Nonprofit says cost of rehab, redevelopment will be $12 million

A rendering showcases a redevelopment project on Flower Street in Berlin. Homes for America owns several homes on Flower and Bay streets. Berlin officials from the Annapolis-based nonprofit discussed plans for the projects earlier this month.

By Rachel Ravina, Staff Writer

(Nov. 21, 2019) Several residential properties in Berlin will soon receive a facelift.

“I think they’re getting tired,” said Diane Clyde, Homes for America’s vice president of development.

Clyde was referring to the dated look of the 113 Flower St. apartments’ kitchens and bathrooms.

Homes for America, a non- profit organization, has owned the property since 2002, according to Development Director Diana Talios.

Talios said the interior and exterior of the 28 existing apartments will be completely redone.

There is a mixture of one, two and three-bedroom apartments, according to Talios. The one-bedroom ranges from approximately 570-735 square feet, the two-bedroom ranges from roughly 775-985 square feet and the three- bedroom apartments range from about 900-1,050 square feet.

Homes for America also owns 14 townhomes on 545 Bay St. in Berlin. Talios said the buildings would also undergo interior and exterior renovations.

In addition, 11 apartments on the nearby parcel on 115 Flower St. also are in line for a big change. Talios said the company acquired “site control” of the property, and plans to demolish them and rebuild 12 new units.

Between the two existing properties on Flower and Bay streets, Homes for America owns 42 residential spaces. The additional acquisition of the parcel on 115 Flower St. would bring the total to 54 units.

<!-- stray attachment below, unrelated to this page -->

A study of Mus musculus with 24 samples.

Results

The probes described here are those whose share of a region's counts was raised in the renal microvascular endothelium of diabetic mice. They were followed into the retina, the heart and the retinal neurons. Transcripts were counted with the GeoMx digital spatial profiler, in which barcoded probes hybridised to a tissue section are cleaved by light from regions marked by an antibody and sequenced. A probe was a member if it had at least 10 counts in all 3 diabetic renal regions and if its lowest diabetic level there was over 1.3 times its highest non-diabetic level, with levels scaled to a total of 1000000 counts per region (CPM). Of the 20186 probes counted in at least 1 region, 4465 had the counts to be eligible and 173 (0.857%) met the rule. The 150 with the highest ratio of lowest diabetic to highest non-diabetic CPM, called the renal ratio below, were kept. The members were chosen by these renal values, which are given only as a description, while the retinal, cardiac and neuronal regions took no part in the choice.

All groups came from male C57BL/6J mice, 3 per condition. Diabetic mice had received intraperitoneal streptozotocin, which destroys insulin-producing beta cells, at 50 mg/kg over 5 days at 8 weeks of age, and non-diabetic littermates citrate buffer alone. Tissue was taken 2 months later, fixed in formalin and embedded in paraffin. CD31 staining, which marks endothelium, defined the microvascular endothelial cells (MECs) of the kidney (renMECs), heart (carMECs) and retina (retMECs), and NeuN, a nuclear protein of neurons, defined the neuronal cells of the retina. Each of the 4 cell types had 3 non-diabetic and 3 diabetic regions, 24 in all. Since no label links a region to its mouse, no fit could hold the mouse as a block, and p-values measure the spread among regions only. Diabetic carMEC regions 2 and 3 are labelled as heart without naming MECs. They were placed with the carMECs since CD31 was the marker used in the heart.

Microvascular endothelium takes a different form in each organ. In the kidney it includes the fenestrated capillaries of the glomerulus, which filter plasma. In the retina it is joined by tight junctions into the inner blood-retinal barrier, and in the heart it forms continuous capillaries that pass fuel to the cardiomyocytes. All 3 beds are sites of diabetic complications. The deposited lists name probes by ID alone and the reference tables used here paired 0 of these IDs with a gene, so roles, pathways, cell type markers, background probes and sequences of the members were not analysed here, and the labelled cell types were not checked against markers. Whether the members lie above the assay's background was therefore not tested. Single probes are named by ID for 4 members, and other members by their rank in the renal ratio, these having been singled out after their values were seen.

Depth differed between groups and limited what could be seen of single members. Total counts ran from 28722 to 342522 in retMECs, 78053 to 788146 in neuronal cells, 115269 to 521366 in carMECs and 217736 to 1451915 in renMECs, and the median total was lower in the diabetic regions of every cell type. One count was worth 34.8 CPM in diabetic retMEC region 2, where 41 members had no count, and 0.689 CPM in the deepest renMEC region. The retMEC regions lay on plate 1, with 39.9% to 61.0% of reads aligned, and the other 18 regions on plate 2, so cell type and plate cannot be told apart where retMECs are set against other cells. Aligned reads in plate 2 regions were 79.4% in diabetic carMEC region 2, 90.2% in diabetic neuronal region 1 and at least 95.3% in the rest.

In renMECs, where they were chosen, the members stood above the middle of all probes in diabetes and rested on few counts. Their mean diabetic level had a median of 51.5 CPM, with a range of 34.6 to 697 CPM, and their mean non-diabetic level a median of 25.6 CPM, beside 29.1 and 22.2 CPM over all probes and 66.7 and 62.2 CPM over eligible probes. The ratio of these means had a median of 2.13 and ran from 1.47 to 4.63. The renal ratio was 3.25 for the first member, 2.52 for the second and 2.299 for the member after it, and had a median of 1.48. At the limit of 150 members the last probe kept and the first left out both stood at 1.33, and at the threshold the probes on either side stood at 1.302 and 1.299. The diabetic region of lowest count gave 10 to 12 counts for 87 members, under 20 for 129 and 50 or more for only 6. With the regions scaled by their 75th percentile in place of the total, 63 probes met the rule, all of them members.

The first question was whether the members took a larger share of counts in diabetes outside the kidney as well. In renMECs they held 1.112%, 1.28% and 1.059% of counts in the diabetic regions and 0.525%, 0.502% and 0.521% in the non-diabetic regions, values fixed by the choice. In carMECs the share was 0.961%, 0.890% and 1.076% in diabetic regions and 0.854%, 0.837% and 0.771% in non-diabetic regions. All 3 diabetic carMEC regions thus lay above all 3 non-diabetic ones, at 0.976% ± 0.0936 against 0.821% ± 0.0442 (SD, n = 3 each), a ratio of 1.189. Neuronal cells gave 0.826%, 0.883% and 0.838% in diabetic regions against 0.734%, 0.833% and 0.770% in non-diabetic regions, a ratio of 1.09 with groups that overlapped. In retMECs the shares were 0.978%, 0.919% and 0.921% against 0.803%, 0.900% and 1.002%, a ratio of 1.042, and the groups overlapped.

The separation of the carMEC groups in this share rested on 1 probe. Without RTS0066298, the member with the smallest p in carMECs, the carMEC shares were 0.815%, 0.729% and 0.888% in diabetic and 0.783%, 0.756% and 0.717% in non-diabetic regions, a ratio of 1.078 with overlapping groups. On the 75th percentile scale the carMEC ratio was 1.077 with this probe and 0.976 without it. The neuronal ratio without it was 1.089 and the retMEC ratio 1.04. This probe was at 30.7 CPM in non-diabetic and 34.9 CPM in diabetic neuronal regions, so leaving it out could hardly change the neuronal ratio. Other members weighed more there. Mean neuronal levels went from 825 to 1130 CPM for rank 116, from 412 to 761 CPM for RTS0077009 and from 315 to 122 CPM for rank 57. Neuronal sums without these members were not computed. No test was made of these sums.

Talios and Clyde agreed that holding meetings for the current residents and the residents of the new Flower Street property is crucial.

“The residents of our own properties, I mean everyone’s excited about having their homes rehabbed, and new windows, and appliances, and roofs, and kitchens, and baths and so on, so everybody’s … positive,” Talios said.

Talios and Clyde said they hope the tenants are receptive to the redevelopment projects.

“I think that anytime, as a good owner and a good neighbor, we want to have properties really be an asset to the larger community,” Talios said.

The budget for the projects, Talios said, is roughly $12 million, which comes from “a combination of private interest and state loans.”

Clyde said construction should being late next summer. Once construction starts, the projects should take between 12 and 14 months to complete, Talios said.

Planning Director Dave Engelhart said “we had a productive meeting” on Oct. 24 with several representatives from Homes for America, town department heads, as well as consultants from EA Engineering, Science, and Technology Inc., as well as Davis, Bowen and Friedel Inc.

“So I think that’s good progress for some of our apartment complexes,” Engelhart said during an Oct. 28 Town Council meeting.

Other officials, including Councilman Elroy Brittingham, also seemed pleased with this development.

“It’s good,” Brittingham said during the same meeting. “It’s good to know that those other two apartments are going to be refurbished.”